This article is part of a series called “Getting Off-Premises”, which examines how to build an off-premises business.
If you’re a restaurant operator, you know there’s a flood of competition. Commercial rents have gone up, labor costs have risen. That’s why some operators, frustrated with the economics of this, are looking at something called “off-premises dining.” These operators are hoping to boost their restaurant’s revenue by embracing consumers who skip the storefront and order food for off-premises consumption, meaning food eaten outside of the restaurant. The phenomenon has mostly been fueled by the growth of marketplaces and third-party delivery companies like Grubhub or DoorDash.
So, what exactly is off-premises dining? Why should you care about it?
Off-Premises Dining Is a Strategy
Off-premises dining is a strategy for sales growth and increased restaurant revenue. Restaurant brands are looking to off-premises as a way to reach new consumers or persuade existing customers to spend more or dine more frequently.
Typically, when referencing off-premises dining, it’s common to think of it as one wide restaurant revenue stream, when in fact it is comprised of multiple, more narrow channels. Each of those revenue streams typically addresses specific customer needs, and therefore demands specific solutions.
The major channels of off-premises revenue include: takeout/pickup for individual consumption, delivery for individual consumption, drive-thru, and catering. However, there are a number of other channels that are also part of the off-premises landscape: food trucks, group ordering for pickup, group ordering for delivery, office lunch services, and school lunch services, to name a few. Catering alone can be split into multiple streams, including drop-off, set-up, attended, full-service, and multi-day events.
So why should you care about off-premises revenue?
According to Technomic, in 2017, off-premises channels accounted for:
- $228 billion in restaurant revenue
- 44 percent of total restaurant revenue
Restaurant Business and Technomic reported early this year that off-premises sales is expected to grow 5.6 percent annually through 2019, compared to a 3 to 3.5 percent annual growth rate for the restaurant industry overall.
If those statistics aren’t enough to open your eyes, consider the following trends in consumer habits and off-premises growth:
- There’s a shift in eating patterns among certain demographics, and this is changing the restaurant industry.
- New technologies and food delivery services are disrupting the market. Online ordering, meal kits, and other services are making it easier for consumers to order delivered food instead of eating at a restaurant or preparing the food themselves.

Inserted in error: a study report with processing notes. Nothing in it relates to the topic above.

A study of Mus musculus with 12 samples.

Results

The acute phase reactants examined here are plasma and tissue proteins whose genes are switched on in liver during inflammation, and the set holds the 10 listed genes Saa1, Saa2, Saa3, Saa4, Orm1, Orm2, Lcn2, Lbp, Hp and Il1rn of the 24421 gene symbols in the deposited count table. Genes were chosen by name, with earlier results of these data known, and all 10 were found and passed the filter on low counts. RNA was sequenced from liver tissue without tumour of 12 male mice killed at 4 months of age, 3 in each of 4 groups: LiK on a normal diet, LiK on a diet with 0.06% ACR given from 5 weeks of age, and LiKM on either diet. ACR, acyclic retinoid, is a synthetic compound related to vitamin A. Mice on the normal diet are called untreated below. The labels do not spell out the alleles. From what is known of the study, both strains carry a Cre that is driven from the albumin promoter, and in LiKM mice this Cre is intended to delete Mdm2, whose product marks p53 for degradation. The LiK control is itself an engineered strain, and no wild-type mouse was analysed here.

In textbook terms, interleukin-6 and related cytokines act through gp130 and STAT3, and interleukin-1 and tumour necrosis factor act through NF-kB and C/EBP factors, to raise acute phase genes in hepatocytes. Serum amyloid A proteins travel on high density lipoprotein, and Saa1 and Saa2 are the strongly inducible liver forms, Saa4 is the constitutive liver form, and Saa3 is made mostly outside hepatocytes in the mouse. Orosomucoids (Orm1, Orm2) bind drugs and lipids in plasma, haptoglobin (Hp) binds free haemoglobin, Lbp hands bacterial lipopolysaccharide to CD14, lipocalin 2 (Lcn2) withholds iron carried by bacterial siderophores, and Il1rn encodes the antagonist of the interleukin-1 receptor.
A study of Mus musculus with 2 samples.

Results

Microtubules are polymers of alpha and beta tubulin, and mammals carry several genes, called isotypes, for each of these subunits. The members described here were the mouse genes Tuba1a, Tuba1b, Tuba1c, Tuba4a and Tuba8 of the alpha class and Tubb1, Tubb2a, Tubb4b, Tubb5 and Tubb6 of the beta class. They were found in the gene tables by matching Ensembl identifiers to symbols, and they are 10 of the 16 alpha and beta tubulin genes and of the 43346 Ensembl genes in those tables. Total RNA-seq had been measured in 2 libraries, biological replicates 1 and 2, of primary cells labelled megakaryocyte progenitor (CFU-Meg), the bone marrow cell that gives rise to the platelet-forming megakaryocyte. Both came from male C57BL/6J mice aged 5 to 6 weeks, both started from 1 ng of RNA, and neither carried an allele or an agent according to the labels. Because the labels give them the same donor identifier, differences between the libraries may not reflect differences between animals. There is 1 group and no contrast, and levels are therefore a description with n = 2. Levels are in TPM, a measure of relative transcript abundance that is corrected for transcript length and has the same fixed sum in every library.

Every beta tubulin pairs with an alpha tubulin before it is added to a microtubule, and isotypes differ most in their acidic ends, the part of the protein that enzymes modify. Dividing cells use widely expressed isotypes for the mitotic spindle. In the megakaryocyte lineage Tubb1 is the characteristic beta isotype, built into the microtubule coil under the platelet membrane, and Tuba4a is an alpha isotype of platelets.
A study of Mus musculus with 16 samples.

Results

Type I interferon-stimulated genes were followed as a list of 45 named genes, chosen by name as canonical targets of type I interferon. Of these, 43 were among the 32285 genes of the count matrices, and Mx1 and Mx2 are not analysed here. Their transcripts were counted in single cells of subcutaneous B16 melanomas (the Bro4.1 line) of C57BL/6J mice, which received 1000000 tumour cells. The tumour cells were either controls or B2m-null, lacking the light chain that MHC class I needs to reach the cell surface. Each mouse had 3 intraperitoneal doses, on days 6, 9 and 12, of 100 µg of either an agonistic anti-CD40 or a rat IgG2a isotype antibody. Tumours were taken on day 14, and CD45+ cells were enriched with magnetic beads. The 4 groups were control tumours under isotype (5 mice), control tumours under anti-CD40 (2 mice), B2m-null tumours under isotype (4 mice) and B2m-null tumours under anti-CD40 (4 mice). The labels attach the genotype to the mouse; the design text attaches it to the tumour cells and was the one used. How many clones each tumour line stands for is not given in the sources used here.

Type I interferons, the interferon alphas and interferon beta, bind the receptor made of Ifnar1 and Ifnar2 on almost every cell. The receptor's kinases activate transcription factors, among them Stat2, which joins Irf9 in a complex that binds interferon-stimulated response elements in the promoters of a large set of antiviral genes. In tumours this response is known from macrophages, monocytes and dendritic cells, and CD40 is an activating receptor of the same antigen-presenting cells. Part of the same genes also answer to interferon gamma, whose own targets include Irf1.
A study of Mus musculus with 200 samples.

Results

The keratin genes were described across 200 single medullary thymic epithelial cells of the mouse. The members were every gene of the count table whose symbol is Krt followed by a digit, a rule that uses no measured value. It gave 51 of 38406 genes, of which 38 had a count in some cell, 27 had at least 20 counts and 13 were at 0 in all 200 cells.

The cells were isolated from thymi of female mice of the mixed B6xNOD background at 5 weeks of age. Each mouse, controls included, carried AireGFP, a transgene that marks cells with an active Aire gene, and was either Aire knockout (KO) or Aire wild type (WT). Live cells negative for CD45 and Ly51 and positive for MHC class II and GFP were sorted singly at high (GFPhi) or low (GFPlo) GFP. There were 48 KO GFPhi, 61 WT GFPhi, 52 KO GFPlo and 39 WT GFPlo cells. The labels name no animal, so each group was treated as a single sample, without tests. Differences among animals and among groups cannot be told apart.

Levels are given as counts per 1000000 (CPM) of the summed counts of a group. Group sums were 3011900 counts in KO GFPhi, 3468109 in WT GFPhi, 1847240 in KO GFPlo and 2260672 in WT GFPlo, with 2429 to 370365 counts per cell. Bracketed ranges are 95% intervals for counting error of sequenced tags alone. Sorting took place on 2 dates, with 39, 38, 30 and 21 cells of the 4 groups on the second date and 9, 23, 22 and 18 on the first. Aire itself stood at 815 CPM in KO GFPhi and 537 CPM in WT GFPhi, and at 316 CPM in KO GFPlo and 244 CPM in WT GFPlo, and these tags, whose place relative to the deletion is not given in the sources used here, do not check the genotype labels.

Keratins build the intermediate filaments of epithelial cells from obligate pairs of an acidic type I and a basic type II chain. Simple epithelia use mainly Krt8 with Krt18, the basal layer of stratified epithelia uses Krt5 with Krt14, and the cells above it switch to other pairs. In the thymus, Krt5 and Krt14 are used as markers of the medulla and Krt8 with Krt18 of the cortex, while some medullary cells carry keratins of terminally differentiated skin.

- Companies are using delivered food to build workplace loyalty and drive productivity—leaders know their staff gets more done when they don’t go off to two-hour lunches.
- Technology crucial to off-premises—drones, robots, self-driving vehicles—continues to evolve.
These trends indicate that revenue from off-premises dining looks promising in the coming years. However, each off-premises channel is indeed unique. Operating costs, equipment upgrades, time-management challenges, and opportunities for incremental sales and profits vary dramatically. Restaurants looking to take advantage of off-premises dining trends should do their homework and proceed carefully.
What should your off-premises dining strategy be?
If you’re looking to build and grow a sustainable off-premises strategy to increase restaurant revenue, consider this some food for thought:
1. Find areas for growth.
- Who is your target consumer?
- What other consumer groups are potential targets?
- What off-premises services do you currently provide?
- How do these services impact your current revenue and profitability? What is the upside potential?
- Does your off-premises strategy make sense with your overall brand strategy?
2. Determine your current capabilities.
- Which off-premises revenue channels should you pursue or improve upon?
- Do your menu items travel well? How could they travel better?
- How do you drive demand?
- Do you have the people, equipment, and space to appropriately execute any, or all, of the off-premises channels?
- What technology platforms do you need to support the process?
3. Make a commitment.
- Who is responsible for execution at the restaurant, and who “owns” the delivery of the experience?
- Is your organization committed to off-premises growth?
- Are you willing to make the necessary investment of your time, treasure, and talent?
- Do all the constituencies (investors, leadership, support teams, operators, franchisees) support the investment?
Ultimately, your answers to these questions and an organizational commitment to the strategy will determine your success in the off-premises landscape.